He came into the room and pulled the chair close and sat down next to her.
“I saw a dog in a purse. I saw bread being delivered, loaves of bread in paper sacks, dropped off in front of an Italian restaurant. Later in the morning I saw a body builder in nothing but a T- shirt and sweatpants, such an enormous pair of arms, leave a health club and trip over himself. He went down with his gym bag, and a woman with a baby stroller stopped to ask him if he was all right. I saw a quiet street where I thought you and I could live very happily, a street of brownstones with good little yards. I saw a man chipping the ice off his windshield with a butter knife. And it was working! I saw the Metropolitan Museum of Art. Even at this time of year, people are sitting on the steps out front like it’s the Fourth of July. I saw the last of the last of the light. Should I go on?”
She had her eyes closed. “Close the door,” she said.
He stood up and closed the door. She took down her pajama bottoms. He saw what she was doing and reached out for a chair and placed it in front of the door. He turned off the light and walked back to her as shadows began to assert themselves in the room. He climbed on from the foot of the bed and pulled her to him until her head left the pillow. A small spray of hair still clung there. She began to unzip him. He wasn’t sure what to expect. He couldn’t rule out one final treachery of the body, which if it had its way, he thought, would crown its triumph of cruelty by depriving him — them — of this too. But he overestimated its power, or underestimated his own. Or did they both want the same thing? Now was not the time to wonder. Now was the time to forget his body and to look at her. He needed nothing but the look she returned. Then she shut her eyes, and he shut his, and they began to concentrate. He found more strength in her than he expected. She moved under him with an old authority. He listened as she began to come, as she was coming, as the coming wound down to a long final sigh that accompanied a burst of static from the nurse’s intercom above the bed. He used the pillow to muffle himself. It was a two-minute triumph for both of them, and afterward they calmly restored respectability to the room.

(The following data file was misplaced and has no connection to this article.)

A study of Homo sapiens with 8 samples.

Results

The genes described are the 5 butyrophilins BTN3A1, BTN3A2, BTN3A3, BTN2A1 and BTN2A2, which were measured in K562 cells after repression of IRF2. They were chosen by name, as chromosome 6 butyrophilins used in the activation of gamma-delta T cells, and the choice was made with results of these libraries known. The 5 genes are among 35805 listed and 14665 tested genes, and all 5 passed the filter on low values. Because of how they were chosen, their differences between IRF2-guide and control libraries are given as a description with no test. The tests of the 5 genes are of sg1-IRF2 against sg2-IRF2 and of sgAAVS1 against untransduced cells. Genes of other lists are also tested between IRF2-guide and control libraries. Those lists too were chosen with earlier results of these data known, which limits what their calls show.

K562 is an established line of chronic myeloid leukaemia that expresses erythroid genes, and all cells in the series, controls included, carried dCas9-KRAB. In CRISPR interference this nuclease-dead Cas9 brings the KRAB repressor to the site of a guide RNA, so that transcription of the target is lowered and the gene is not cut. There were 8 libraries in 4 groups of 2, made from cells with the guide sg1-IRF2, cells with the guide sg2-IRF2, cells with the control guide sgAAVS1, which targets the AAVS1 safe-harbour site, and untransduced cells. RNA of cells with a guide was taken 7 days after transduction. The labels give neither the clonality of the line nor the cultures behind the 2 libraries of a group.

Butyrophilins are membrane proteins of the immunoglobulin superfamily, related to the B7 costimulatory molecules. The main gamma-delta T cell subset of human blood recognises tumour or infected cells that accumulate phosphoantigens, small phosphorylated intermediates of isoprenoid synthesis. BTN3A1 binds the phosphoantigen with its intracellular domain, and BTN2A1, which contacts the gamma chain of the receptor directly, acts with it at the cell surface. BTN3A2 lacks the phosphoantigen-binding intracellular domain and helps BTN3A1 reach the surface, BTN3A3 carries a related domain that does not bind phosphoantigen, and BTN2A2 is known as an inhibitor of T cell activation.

Excerpted from “The Unnamed” by Joshua Ferris. Copyright © 2010 by Joshua Ferris. Reprinted with permission of Reagan Arthur Books.
Joshua Ferris is the author of “Then We Came to the End,” which won the Hemingway Foundation/PEN Award and was a National Book Award finalist. “The Unnamed” is his latest novel.